Bridging Disciplinary Boundaries (January 11 - 14, 2007)

Pacific A (Hyatt Regency San Francisco)

Barriers to Help-Seeking in Older Women Who Experience Partner Abuse: Outreach in a Multidisciplinary Context

Richard Beaulaurier, PhD, Florida International University, Laura Seff, MBA, Florida International University, Frederick L. Newman, Florida International University, and Burton D. Dunlop, Florida International University.

Social work, the court system, the aging network, law enforcement and others are involved in the identification and treatment of domestic violence against older women. Traditionally, aging services have focused primarily on neglect and financial exploitation. Domestic violence research and service networks have tended to focus on women in their child-bearing years, and rarely focus on the problems of older women who experience partner violence.

Purpose: This NIJ funded study of domestic partner abuse in older women was conducted to better understand service needs and utilization patterns of older women.

Subjects: 134 women participated in 21 focus groups in three ethnic/racial groups (Hispanic, Black, White), age cohorts (45-59, 60-74, 75+), two income levels and two victimization statuses (victim/non-victim).

Methods: Focus groups were recorded and transcribed. ATLAS.ti qualitative data analysis software, was used to organize and assist in the analysis. Preliminary codes were developed from the transcripts. Themes regarding the primary research questions were identified and named. ATLAS.ti was used to explore linkages between codes, generate themes, map relationships and ultimately to produce a testable theory grounded in the response patterns of respondents.

Results: Although most respondents were drawn from a newspaper advertisement seeking participants in a study of “conflict in relationships” which did not mention the words “abuse” or “violence” a surprising number, about 25%, of women indicated that they had been physically abused. A majority felt they had experience partner at some time.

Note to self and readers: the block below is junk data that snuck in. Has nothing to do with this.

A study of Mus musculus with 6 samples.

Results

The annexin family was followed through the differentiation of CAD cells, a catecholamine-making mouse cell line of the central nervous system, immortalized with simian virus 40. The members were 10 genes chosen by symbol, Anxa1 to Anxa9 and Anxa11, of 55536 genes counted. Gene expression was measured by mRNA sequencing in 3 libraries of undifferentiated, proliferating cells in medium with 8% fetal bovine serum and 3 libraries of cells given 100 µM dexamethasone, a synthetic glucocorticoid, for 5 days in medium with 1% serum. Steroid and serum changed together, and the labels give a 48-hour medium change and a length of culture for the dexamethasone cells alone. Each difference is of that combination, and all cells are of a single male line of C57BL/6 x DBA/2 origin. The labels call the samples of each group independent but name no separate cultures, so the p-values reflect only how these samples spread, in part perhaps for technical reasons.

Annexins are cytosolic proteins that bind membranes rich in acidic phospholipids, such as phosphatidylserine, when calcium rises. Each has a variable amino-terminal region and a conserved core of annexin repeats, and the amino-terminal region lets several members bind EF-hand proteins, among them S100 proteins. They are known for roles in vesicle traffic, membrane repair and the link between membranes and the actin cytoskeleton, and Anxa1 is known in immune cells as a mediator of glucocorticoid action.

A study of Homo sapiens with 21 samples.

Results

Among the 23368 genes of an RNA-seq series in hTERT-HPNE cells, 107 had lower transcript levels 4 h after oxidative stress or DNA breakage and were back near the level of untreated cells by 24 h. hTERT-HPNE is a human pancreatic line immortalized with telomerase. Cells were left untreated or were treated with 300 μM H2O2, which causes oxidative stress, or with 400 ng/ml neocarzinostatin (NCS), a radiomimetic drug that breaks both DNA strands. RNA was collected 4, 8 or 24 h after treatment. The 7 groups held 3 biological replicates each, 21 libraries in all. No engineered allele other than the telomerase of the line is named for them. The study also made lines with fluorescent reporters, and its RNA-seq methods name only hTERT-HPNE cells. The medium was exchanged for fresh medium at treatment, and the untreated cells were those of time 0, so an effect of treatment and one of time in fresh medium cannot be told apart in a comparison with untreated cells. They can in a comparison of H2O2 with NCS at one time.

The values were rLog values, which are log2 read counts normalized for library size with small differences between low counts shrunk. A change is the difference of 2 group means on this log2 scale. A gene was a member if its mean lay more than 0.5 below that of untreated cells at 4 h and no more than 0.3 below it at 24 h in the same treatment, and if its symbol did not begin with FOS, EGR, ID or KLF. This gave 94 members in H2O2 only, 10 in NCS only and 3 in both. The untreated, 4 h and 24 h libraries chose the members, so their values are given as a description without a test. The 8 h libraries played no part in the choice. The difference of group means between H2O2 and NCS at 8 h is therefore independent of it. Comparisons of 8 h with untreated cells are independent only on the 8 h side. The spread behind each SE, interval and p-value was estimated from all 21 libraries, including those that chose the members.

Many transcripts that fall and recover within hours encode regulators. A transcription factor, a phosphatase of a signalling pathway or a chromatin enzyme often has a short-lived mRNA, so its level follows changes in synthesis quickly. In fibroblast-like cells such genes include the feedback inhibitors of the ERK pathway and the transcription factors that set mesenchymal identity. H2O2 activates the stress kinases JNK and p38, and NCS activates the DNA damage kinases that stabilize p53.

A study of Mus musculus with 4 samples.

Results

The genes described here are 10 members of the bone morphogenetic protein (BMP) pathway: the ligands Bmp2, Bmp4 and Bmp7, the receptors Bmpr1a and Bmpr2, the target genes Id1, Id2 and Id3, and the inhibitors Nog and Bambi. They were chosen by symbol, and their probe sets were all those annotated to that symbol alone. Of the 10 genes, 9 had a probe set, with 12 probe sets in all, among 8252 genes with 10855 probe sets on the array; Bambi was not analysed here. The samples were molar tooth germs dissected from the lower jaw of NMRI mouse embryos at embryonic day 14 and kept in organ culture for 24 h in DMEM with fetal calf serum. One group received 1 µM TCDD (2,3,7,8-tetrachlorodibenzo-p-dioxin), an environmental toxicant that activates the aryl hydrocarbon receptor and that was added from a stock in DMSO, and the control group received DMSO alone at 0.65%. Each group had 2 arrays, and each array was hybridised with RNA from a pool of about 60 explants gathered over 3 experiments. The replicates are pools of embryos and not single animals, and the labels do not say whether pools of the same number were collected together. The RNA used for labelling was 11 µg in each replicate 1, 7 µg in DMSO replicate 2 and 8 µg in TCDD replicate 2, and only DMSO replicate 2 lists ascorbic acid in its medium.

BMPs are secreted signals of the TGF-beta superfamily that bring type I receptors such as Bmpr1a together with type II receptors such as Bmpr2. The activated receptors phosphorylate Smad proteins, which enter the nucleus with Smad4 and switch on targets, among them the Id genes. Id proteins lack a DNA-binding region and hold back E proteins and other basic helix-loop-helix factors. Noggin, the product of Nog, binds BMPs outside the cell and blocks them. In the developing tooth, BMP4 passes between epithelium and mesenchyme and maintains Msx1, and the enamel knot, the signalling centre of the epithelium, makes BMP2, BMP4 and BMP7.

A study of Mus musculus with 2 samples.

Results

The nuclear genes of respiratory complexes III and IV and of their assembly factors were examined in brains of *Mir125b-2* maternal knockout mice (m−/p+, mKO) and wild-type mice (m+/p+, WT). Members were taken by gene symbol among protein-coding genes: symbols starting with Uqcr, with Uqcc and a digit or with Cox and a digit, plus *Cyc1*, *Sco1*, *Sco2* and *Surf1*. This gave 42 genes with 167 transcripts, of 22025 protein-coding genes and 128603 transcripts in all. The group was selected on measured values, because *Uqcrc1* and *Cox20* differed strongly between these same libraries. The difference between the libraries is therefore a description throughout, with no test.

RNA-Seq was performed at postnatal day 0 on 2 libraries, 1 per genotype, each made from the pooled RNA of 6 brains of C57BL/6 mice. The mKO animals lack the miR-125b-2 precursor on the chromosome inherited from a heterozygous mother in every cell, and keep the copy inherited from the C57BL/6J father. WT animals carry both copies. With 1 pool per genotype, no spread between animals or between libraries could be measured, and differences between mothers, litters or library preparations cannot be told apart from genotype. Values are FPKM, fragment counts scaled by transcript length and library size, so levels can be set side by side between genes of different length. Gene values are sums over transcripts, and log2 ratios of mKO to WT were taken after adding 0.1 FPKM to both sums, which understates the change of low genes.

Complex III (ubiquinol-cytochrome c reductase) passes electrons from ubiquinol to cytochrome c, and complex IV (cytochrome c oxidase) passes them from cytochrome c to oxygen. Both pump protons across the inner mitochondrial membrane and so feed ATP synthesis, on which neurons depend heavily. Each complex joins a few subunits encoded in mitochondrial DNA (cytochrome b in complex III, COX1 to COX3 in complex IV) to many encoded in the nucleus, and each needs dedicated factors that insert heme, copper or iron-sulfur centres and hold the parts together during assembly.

One of the most important themes to emerge were barriers to help seeking (BHS) Eleven related concepts emerged from the data. Isolation, Jealousy, Intimidation, Protecting Family, Self-Blame, Dependent & Powerless, Spirituality, Secrecy, Hopelessness, Concern for Abuser, and Justice System Response. While most of these concepts were relatively stable across race and ethnic lines, the concept of spirituality differed for Black and Latina women. Spiritually appeared more important to them in coping with domestic abuse. This seemed to lead many of them to seek help from members of the clergy or from church groups. In most cases these institutions were not able to provide adequate assistance.

The eleven concepts related to BHS can be clustered in three groups: those that originate as behaviors of the abuser, those that originate from the victim and those that tend to act at mediating or moderating factors. Using the relationship network function in Atlas.ti, the relationships between BHS and these seven concepts have been graphically illustrated. Moreover the relationship between the codes making up the seven related concepts have also been explored and will be graphically presented in the poster.

Findings have implications for social work providers that include the need for outreach and coordination of efforts with law enforcement, the court system, information and referral systems—especially hotlines. Findings suggest a need for mainstream providers to reach out to churches, clergy and other faith based providers, particularly in minority communities. Policy and practice implications of the findings will be discussed.